The use of flow control (FC) technology on civil transport aircraft is seen as a potential means of providing a step change in aerodynamic performance in the 2020 time frame. There has been extensive research into the flow physics associated with FC. This paper focuses on developing an understanding of the costs and design drivers associated with the systems needed and certification. The research method adopted is based on three research strands:
1. Study of the historical development of other disruptive technologies for civil transport aircraft,
2. Analysis of the impact of legal and commercial requirements, and
3. Technological foresight based on technology trends for aircraft currently under development.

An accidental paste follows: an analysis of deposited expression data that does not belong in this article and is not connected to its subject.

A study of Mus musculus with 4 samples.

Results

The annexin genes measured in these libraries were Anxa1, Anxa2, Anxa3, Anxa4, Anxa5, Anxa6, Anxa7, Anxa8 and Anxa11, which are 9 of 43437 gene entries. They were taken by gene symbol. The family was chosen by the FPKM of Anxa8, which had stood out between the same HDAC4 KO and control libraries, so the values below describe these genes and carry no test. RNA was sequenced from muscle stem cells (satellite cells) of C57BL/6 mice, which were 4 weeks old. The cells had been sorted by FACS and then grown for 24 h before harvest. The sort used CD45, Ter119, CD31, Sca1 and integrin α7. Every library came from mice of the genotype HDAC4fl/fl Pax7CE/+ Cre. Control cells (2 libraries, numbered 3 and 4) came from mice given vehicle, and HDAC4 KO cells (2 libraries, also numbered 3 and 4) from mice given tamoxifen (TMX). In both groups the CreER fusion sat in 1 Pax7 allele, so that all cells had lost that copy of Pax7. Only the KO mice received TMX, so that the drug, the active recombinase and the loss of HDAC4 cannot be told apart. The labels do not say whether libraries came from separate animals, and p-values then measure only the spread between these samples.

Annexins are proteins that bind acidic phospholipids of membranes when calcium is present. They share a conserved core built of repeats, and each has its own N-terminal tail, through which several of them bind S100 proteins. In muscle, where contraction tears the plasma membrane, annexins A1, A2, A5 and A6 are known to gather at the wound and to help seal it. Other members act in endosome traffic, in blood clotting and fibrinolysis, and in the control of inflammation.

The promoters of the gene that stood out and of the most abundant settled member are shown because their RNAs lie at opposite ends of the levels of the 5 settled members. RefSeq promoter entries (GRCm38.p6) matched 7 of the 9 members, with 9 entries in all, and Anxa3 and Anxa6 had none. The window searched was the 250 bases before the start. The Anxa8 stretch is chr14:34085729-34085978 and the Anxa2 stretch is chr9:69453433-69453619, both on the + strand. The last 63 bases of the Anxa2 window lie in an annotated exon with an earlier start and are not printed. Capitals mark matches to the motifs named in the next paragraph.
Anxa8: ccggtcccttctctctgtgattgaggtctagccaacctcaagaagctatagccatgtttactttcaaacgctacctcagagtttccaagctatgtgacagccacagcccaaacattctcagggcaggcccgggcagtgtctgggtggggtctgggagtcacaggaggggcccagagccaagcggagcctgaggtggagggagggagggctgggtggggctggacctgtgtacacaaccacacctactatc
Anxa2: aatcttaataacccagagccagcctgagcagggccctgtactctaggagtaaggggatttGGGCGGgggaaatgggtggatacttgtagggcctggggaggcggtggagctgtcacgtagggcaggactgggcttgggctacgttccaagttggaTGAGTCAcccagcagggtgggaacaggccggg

Fly by wire and composite materials are identified as two historical examples of successful implementation of disruptive new technology. Both took decades to develop, and were initially developed for military markets. The most widely studied technology similar to FC is identified as laminar flow control. Despite more than six decades of research and arguably successful operational demonstration in the 1990s this has not been successfully transitioned to commercial products. Significant future challenges are identified in cost effective provision of the additional systems required for environmental protection and in service monitoring of FC systems particularly where multiple distributed actuators are envisaged. FC generated noise is also seen as a significant challenge. Additional complexity introduced by FC systems must also be balanced by the commercial imperative of dispatch reliability, which may impose more stringent constraints than legal (certification) requirements. It is proposed that a key driver for future successful application of FC is the likely availability of significant electrical power generation on 787 aircraft forwards. This increases the competitiveness of electrically driven FC systems compared with those using engine bleed air. At the current rate of progress it is unlikely FC will make a contribution to the next generation of single-aisle aircraft due to enter service in 2015. In the longer term, there needs to be significant movement across a broad range of systems technologies before the aerodynamic benefits of FC can be exploited.